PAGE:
Port Authority to sell audio ads


On Sunday, the public transportation agency began a gradual introduction of 15-second, in-transit audio advertisements. The authority introduced the audio ads pilot program in an effort to increase revenue without increasing fares, Port Authority spokeswoman Heather Pharo said.

The technology uses the existing audio and GPS infrastructure of the buses to play specific ads when the buses stop at certain locations.

Megabus, a nationwide bus service, and South Side Jewelers, a Pittsburgh jewelry store, are the first two businesses to purchase audio ad space in the Allegheny County bus system, Ms. Pharo said.

Megabus ads are scheduled to play at the bus stops at Liberty Avenue at Wood Street, Fifth Avenue at Smithfield Street, Fifth Avenue at Atwood Street and Forbes Avenue at Murray Avenue. The South Side Jewelers ad is scheduled to play at the South 18th Street at East Carson Street bus stop.

At the conclusion of the pilot program, the Port Authority intends to sell audio ads at 11 bus stops.

For Downtown stops, businesses pay around $1,300 a month for a print ad, and for stops that see less traffic in the Lawrenceville, Oakland and South Side neighborhoods, advertisers pay $250 a month. A print ad that covers one side of a bus costs $1,250 a month, and an ad that covers an entire bus costs $2,975 a month. The cost of the audio ads is comparable to that of print ads; all ads are purchased on a quarterly basis.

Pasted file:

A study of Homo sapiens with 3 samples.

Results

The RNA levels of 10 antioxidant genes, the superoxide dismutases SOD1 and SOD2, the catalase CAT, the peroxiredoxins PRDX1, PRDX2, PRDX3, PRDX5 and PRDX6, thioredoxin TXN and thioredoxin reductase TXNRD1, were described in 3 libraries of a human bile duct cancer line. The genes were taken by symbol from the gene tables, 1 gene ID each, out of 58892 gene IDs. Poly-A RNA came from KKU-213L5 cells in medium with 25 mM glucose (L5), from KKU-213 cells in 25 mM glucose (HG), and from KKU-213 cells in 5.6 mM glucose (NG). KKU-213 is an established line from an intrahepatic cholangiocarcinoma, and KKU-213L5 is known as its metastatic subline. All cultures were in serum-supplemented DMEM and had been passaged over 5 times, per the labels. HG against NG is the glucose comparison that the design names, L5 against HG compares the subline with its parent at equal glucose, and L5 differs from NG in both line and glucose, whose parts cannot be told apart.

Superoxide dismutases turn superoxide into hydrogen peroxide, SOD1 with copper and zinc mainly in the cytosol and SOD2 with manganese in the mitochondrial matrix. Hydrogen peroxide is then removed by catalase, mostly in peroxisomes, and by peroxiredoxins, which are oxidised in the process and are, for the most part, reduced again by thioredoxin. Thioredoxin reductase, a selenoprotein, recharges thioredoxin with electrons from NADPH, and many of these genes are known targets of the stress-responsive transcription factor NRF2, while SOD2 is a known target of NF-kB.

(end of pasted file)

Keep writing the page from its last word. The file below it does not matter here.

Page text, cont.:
Behind the ads is Ohio-based Commuter Advertising, a company that creates, manages and sells audio ads to play inside transit vehicles. Commuter Advertising also works with transit agencies in Tampa and Jacksonville, Fla.; Cincinnati, Dayton and Toledo, Ohio; Rockland County, N.Y.; and Kansas City and Chicago.

Commuter Advertising's ads generally play at 8 to 20 percent of bus stops in a market.

"[People] are obviously noticing it," Ms. Pharo said. "It sticks out, and it's something different."

According to Ms. Pharo, who has been monitoring riders' responses on Twitter, the feedback is coming in slowly, and it's too soon to determine how well-received the ads will be.

Audio advertising is just one of a few proposed solutions to Port Authority's financial problems. The agency is also looking into advertising on its website and making better use of unused space on busways.